A study by psychologists at the University of Lincoln shows that the concept of loving one’s neighbor might be “hard-wired” into the brain (ScienceDaily).
In an effort to avoid the ethical concerns of the famous study done by Yale psychologist, Stanley Milgram, who demonstrated that individuals were less likely to deliver an electric shock to someone if they were in the same room, a group of psychologists looked to game shows.
After watching 72 episodes of the UK show, The Weakest Link, and examining the voting patterns, they discovered that contestants “show a strong reluctance to vote for their direct neighbour — a pattern they called ‘neighbour avoidance effect’.” “Spatial proximity” influenced “players’ decision-making.” In other words, it’s hard to trash the guy standing next to you.
The original Milgram study showed that when someone was in another room, the person delivering electric shock was less inhibited. So as long as we don’t talk to them, see their faces, or discover their humanity, it is easier to treat others negatively. It is easier to dehumanize those we don’t know, that is, to create stories that are befitting our treatment of others.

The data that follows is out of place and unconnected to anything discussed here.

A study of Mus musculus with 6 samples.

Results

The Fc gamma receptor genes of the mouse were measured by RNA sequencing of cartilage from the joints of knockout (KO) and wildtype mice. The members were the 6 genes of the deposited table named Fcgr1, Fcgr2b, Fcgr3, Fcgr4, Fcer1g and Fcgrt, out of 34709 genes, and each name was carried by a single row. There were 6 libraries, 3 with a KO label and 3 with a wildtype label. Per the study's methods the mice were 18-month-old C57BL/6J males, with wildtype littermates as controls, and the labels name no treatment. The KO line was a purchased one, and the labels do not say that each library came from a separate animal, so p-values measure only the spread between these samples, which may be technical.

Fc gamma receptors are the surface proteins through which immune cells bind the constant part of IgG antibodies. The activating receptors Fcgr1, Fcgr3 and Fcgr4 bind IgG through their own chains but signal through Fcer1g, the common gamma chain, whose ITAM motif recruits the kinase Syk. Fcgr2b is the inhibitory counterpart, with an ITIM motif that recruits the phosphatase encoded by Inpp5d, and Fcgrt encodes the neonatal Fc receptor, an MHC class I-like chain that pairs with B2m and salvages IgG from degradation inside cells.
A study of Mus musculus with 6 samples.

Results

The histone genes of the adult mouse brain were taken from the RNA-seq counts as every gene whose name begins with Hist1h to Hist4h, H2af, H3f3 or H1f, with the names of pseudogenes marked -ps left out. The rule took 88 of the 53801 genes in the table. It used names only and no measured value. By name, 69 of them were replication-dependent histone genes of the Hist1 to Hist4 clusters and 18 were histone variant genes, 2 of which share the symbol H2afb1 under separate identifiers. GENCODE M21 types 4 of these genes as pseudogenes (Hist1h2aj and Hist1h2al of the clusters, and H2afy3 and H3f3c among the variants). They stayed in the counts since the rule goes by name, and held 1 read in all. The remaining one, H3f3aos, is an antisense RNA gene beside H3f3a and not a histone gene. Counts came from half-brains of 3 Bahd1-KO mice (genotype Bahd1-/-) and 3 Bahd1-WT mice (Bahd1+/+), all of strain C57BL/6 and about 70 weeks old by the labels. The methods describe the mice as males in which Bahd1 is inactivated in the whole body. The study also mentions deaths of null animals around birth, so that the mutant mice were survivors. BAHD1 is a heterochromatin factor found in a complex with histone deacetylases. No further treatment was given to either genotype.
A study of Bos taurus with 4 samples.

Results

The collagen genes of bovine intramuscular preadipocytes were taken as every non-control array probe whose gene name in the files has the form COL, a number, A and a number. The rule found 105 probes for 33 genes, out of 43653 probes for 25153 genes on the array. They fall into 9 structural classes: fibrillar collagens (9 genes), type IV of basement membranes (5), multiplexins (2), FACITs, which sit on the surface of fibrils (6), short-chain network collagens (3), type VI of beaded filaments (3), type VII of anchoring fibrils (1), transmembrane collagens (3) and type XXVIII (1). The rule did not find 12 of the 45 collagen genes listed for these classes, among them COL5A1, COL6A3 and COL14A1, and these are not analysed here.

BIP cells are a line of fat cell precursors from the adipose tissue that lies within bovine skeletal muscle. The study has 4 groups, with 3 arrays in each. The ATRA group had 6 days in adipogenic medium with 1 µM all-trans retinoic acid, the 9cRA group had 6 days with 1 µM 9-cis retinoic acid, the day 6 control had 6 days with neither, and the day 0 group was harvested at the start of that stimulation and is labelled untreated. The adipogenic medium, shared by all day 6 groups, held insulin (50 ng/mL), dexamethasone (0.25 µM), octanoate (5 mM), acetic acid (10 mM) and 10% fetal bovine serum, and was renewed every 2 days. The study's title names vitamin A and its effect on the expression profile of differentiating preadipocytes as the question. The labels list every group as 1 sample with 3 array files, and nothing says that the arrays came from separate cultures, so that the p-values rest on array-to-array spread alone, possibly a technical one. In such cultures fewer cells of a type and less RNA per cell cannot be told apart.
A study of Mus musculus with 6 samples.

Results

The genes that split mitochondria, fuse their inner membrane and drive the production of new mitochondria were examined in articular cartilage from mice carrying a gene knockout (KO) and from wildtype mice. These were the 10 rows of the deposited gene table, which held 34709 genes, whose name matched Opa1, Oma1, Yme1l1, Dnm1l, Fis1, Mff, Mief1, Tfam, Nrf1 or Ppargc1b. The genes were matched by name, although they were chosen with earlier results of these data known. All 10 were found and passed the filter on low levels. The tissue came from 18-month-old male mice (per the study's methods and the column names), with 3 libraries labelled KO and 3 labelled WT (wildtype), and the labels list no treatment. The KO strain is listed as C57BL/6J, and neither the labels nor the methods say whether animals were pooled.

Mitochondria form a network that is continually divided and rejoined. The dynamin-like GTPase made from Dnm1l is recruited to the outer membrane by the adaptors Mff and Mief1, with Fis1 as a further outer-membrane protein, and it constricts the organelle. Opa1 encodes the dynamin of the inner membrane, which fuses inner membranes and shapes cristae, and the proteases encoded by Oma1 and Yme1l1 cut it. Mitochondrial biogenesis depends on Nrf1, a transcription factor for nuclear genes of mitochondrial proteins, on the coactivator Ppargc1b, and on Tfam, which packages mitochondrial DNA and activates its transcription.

In reading this new study, I immediately thought of drone attacks, which are still all over the news. In his recent piece at The Atlantic (“We’re Killing Alleged Militants Too Quickly to Reliably Determine Guilt“), Conor Friedersdorf notes that “in Pakistan alone, drones have killed more than one person per day since President Obama took office.”
“The Obama Administration would have us believe,” writes Friedersdorf, “that it is able to determine the guilt of people in remote tribal areas of Pakistan so quickly and efficiently that it can kill more than one per day on average with a high level of assurance that every last one of them poses a threat to the United States.”
There are benefits to drone attacks; they reduce military casualties and they help to eliminate the need for large armies. Just in terms of practicality, there is little doubt that in a world where war appears inevitable and bad guys will never cease to exist, reducing deaths and lower costs are important factors. One might add, however, that in light of this study that drones are also easy on the conscience, perhaps too easy. It is easier to use the militant label on under-investigated groups when they are on the other side of the world. Otherwise well-intentioned individuals can easily lose themselves in the stories they create about others. Add executive privilege to that and the President may have little opportunity to be confronted on that desensitization.
There is a cognitive dissonance between the Obama who decided to end Guantanamo and the Obama who has created a kill list, the drones help bring dissonance reduction and ease the conscience. And the automation of it all gives it the convenience of a credit card. We’ll pay for it later, but for now, we can rest in knowing that somewhere, we killed someone that may or may not be an enemy of the state.